The global economy is set to enjoy steady growth with one notable exception, according to a note from Goldman Sachs out Tuesday morning.
The firm's portfolio strategy research team calls for 3.9 percent annual global growth through 2020, but believes GDP in the U.S. will decelerate to just 1.5 percent.
The U.S. Commerce Department's official figure had U.S. growth at 3.1 percent after the second quarter of this year – the last quarter for which statistics are available.
President Donald Trump has made 3 percent economic growth a key part of his administration's bar for success, but if Goldman's prediction is right, he has his work cut out for him. The note also comes at a time when the administration and congressional Republicans are trying to formulate a tax cut plan that they hope will stimulate the American economy more than the rest of the globe.
The firm identified 50 stocks best suited for this kind of global economic environment.
"Growth typically outperforms value in periods of solid but unspectacular activity" because "investors place a premium on growth stocks that are able to expand their top-line despite modest economic growth," according to the note.
Using what it calls its "rule of 10," the firm found the most growth potential in the consumer discretionary and tech sectors. Criteria for Goldman's "rule of 10" include growth of at least 10 percent in the last two years along with growth forecasts of at least 10 percent in 2017 and 2018. In order to qualify the company must also have a market cap of at least $2 billion.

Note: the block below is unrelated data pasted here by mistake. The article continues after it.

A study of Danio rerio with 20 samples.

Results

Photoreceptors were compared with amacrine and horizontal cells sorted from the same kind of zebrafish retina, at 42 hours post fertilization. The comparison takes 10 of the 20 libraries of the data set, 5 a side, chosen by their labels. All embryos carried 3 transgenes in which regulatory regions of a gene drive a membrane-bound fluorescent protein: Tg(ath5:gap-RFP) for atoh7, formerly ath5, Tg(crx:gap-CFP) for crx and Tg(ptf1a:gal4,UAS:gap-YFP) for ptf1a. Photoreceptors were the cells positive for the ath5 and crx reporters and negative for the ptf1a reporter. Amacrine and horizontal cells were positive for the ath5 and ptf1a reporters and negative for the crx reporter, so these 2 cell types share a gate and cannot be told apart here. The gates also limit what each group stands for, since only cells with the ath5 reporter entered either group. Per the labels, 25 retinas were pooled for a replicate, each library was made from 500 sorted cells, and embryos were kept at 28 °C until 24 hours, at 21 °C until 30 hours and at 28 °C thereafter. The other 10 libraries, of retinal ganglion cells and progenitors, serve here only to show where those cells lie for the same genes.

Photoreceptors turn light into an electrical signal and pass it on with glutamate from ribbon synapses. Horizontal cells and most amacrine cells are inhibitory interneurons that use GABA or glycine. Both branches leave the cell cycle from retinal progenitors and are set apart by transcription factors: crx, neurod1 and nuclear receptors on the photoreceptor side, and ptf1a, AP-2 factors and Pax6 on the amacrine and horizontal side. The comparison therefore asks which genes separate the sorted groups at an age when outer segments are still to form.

Despite GDP concerns, 46 percent of the stocks identified by Goldman Sachs are global-oriented but U.S.-based companies, "reflecting a high number of innovative, fast growing technology companies" the note said. Twenty-eight percent of the stocks on the list are Chinese companies.
Some of the notable U.S. companies making Goldman's top 50 list include Amazon, Tesla, Red Hat, which is up 40 percent in six months, and Ulta Beauty, which has suffered a 27 percent fall in the same time period. Expedia and Wayfair also made the list.
One surprising U.S. stock identified by Goldman Sachs is retailer Five Below, which is up 25 percent in three months.
The biggest Chinese companies picked by Goldman Sachs are both Nasdaq-listed internet companies. JD.com has soared 51 percent this year. Momo is up 71 percent in the same time period. Those two stocks also have the most upside from their current prices to Goldman's targets, 76 percent for Momo and 44 percent for JD.com.